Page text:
This could have been shot in the 60’s under the auspices of Godard, as a kind of derivative of his “political” pop-art style. But just for the style.
The message is something else! Based on real events, this is the story of African soldiers who fought along with France during WWII, only to be brought back to Africa, mistreated, and killed! The French Army refused to pay them! The movie makes fun of racism by presenting highly affable African characters whose good nature, humanity, and commitment to justice is readily apparent. The mostly unknown cast deliver memorable performances full of naturalistic gestures, speech, and humor.
Think of the best Samuel Fuller, but set in Africa, and in French. In fact, that’s where Godard comes in, long-time Fuller admirer, he could never match his intrinsic humanism. Godard’s romanticizing of art and politics never quite gelled enough to offer a substantial statement. Meanwhile, Sembene achieves this with simple finesse and directness.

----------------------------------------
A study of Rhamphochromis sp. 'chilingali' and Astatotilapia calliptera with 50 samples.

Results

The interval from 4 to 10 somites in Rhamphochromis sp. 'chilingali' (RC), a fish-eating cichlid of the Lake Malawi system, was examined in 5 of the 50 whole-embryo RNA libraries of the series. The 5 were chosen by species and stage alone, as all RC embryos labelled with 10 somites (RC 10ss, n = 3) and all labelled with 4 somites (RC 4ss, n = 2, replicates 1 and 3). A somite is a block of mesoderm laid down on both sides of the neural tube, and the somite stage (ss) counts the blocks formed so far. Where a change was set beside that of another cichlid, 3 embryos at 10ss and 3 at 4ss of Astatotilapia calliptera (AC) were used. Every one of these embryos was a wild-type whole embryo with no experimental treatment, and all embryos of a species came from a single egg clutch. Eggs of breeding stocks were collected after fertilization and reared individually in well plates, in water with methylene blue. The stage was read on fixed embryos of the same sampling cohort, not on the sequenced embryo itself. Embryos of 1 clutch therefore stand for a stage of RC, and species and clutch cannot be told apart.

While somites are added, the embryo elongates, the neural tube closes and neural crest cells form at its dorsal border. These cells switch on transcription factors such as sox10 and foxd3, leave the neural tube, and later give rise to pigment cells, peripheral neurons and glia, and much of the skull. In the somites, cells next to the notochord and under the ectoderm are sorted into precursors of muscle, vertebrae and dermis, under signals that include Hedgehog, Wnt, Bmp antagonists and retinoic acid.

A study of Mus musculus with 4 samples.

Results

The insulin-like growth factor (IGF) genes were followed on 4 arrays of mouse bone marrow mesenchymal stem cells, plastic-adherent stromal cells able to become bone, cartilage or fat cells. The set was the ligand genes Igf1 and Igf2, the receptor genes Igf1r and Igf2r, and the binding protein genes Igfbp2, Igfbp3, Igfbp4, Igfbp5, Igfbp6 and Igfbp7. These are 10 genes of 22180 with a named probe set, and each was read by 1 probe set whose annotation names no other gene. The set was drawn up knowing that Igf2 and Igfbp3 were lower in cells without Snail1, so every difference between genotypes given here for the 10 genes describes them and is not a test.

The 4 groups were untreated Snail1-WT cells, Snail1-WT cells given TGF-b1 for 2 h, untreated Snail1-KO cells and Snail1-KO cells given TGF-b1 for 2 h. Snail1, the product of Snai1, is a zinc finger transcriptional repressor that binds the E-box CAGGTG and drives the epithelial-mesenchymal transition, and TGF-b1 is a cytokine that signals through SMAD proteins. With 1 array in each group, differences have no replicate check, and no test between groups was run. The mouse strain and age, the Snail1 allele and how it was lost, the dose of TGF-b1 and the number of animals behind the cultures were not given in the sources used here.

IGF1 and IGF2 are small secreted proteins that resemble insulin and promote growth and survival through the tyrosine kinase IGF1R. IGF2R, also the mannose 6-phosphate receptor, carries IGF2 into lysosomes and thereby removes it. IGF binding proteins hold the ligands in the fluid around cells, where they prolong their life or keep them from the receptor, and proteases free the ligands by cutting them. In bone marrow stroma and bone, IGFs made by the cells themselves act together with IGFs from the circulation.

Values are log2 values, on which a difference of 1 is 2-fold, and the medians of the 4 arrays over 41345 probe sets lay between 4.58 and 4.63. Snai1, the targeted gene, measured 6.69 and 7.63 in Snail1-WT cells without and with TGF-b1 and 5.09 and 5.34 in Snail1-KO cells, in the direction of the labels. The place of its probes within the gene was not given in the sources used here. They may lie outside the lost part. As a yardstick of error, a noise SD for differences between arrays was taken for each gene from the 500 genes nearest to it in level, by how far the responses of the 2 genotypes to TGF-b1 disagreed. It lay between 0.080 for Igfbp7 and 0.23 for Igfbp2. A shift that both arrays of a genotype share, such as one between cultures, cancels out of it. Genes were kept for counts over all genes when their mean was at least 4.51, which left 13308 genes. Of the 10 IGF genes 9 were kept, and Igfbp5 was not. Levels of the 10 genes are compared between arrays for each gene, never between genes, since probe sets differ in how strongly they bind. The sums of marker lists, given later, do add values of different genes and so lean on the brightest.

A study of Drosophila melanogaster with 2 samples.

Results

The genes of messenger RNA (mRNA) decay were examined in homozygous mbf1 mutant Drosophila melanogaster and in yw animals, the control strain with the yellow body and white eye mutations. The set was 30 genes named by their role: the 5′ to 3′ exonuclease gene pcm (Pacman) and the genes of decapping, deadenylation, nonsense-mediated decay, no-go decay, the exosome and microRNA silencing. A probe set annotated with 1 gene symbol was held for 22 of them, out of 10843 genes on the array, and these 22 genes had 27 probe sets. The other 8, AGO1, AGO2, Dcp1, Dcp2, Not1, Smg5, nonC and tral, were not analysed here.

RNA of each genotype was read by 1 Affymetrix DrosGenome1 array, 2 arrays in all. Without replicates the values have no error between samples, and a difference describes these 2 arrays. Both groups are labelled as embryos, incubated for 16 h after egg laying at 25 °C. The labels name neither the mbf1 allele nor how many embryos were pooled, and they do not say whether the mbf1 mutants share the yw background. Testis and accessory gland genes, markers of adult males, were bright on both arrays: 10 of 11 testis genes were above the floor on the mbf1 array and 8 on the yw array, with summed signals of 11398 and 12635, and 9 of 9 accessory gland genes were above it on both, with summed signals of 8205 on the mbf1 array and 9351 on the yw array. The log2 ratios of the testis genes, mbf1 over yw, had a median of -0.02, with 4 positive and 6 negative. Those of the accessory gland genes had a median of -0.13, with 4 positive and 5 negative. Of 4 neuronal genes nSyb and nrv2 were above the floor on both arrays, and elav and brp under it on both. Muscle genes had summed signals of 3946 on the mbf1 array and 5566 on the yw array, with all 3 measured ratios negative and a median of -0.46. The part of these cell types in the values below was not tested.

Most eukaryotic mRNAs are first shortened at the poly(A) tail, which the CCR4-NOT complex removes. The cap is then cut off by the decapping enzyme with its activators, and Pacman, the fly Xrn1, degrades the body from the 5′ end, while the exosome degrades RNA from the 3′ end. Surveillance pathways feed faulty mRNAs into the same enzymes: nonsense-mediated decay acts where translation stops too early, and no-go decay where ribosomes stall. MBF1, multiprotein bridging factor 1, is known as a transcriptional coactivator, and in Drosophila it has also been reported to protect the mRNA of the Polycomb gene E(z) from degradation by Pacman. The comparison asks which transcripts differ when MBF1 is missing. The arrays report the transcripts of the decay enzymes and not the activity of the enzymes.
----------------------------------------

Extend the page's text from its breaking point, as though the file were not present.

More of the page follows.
Shot under unique light, rich in color, making the dark brown and blue of the African actors’ faces shimmer with beauty even in the bright landscapes.
Read a statement Ousmane Sembene made about the film. In it, he implores the world population to not read the film as a historical account of an event that concerns the black race only, but an event that concerns the entire global population. During a screening of the film in Senegal, the French ambassador walked out, seemingly offended by the story. Sembene reiterates the idea that the movie was not made to exact revenge on the French, but to give root to the history of African culture.